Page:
GAO Finds For-Profit Schools Encouraged Fraud

Jupiterimages | Getty Images

An investigation by the Government Accountability Office(GAO) contends that for-profit colleges encouraged fraud and engaged in deceptive and questionable marketing practices.

The investigation is part of a detailed report released this morning in conjunction with testimony before the Senate Committee on Health, Education, Labor and Pensions by Gregory Kutz, the GAO’s managing director of forensic audits and special investigations.

The probe focused on visits to 15 for-profit colleges. For-profit colleges, unlike a state university or such private institutions as Cornell or Stanford, are businesses and are often trade schools. In many cases, the ability to pay tuition is the only entrance requirement.

Among the GAO's findings:

  • Four schools “encouraged fraudulent practices.”
  • The fraud included encouraging applicants to falsify applications so they would qualify for federal aid.
  • One admissions officer told an applicant to fraudulently remove $250,000 from savings.
  • All 15 schools visited by the GAO made deceptive or otherwise questionable statements to the undercover applicants.
"The fraud included encouraging applicants to falsify applications so they would qualify for federal aid."

Tuition at for-profit schools is sometimes higher than at public colleges.

To keep this in perspective, around 2000 for-profit colleges are eligible to receive federal aid. Claims of fraud and deception, however, have been rampant for years creating tug-of-wars between bull and bear investors on such hot-button names as ITT Education , Apollo Group and Corinthian Colleges , which are some of the major players in this arena.

The GAO’s report did not name schools. To read the full report, click here.

But in response to questions from senators, Kutz did mention that schools visited included those run by Apollo, Corinthian, Education Management , and Kaplan, which is owned by the Washington Post and generates more than 61 percent of the publishing company’s revenue.

Kutz made it clear he believed the company’s findings suggested the practices were widespread throughout the industry, suggesting to some industry observers that legislators are likely to more tightly regulate the industry.

For its part, Kaplan said: "The actions described in the GAO report at two of our colleges are contrary to our standards and values in every way. Immediately upon learning of the incidents we initiated our own internal investigations at these schools. We have suspended enrollment at our Pembroke Pines, Florida campus. Investigations at this campus and Riverside, CA are ongoing."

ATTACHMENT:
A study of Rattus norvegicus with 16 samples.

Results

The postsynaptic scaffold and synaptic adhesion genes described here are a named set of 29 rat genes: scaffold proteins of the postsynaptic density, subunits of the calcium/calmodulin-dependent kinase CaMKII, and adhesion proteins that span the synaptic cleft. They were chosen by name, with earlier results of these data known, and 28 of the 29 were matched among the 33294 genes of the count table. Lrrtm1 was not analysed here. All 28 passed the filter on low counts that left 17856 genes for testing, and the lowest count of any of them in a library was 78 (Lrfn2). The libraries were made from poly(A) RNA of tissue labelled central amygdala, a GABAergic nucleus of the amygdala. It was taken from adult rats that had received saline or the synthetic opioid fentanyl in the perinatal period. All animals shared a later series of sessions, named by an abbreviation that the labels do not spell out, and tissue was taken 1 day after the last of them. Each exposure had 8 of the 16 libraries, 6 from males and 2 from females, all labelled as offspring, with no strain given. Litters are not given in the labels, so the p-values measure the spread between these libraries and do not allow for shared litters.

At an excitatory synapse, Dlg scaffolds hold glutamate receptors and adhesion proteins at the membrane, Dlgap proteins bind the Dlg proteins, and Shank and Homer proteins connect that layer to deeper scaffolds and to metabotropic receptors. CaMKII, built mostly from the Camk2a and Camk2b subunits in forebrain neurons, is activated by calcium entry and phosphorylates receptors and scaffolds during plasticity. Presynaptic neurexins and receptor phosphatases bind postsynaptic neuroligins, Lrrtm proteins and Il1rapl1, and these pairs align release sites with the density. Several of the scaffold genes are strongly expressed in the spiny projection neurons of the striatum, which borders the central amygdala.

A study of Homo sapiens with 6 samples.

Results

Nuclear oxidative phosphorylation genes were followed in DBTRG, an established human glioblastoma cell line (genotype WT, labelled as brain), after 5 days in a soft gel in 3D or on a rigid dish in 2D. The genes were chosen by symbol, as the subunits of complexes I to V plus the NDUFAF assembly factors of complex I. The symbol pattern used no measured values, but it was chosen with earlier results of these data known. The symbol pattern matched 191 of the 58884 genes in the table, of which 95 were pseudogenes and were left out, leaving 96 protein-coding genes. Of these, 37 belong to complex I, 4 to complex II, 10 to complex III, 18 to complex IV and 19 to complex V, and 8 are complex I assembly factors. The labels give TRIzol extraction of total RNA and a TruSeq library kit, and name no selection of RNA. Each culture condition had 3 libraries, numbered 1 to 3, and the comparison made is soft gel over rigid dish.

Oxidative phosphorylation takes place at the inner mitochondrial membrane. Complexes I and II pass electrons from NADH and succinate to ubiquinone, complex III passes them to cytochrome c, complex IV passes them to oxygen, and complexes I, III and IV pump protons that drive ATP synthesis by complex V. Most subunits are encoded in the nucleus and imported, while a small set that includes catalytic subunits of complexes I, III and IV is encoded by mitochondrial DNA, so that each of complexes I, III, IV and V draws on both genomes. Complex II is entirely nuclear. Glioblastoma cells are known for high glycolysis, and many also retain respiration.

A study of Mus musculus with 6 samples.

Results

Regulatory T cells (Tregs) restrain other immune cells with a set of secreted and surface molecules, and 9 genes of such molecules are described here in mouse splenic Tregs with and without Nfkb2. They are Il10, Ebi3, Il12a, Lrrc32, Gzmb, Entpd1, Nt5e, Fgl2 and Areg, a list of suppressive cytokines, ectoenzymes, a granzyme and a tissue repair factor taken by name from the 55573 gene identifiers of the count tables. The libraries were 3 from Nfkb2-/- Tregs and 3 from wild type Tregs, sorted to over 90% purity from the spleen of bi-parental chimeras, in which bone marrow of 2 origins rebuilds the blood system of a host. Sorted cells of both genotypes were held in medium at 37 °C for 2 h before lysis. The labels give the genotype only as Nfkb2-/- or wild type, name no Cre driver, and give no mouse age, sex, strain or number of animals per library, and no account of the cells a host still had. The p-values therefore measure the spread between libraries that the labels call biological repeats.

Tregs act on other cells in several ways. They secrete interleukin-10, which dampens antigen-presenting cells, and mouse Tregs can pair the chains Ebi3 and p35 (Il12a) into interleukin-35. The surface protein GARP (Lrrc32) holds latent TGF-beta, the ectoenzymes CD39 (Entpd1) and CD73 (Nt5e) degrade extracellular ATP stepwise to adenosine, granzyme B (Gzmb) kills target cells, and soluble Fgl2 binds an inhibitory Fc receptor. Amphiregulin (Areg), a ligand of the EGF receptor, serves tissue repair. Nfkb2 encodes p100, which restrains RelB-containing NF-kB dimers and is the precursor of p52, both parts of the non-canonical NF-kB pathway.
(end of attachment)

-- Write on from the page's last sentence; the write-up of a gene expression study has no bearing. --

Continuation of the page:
And according to Apollo: "Apollo Group takes the GAO’s findings very seriously, and we have initiated an immediate internal investigation. We have strict policies in place to protect students during the enrollment process and throughout their tenure with the University, and when we discover any violation of this policy, we take immediate and decisive disciplinary action up to, and including, termination of the employees involved. We are committed to being leaders not only in the education of our students, but also in compliance with all applicable standards and regulations, and we will continue working with regulators and legislators to accomplish this goal."

Corinthian said in a statement that it has "detailed, written policies that forbid admissions representatives from making false or misleading statements," adding that it uses a "mystery shopping" enforcement program on Corinthian campuses. It is investigating the situation on two campuses visited by the GAO.

Corinthian, which employs roughly 2,100 people, noted that it fired 68 staff members for misconduct in the past fiscal year.

Officials at ITT did not return calls seeking comment. Corinthian indicated that the Career College Association, which represents many schools, could speak for it.

Meanwhile Harris Miller, president of the Career College Association, told me the findings are “disturbing.” And while the report was expected, “It's hard to put lipstick on a pig. To have four schools have financial aid officers that are advising students to misrepresent their financial situation is totally unacceptable. The necessity to focus on compliance has to be elevated.”

He went on to say he didn’t think schools were “encouraging this behavior, but to have this many negative experiences is indicative that a culture of compliance is not being adopted across the entire organization.”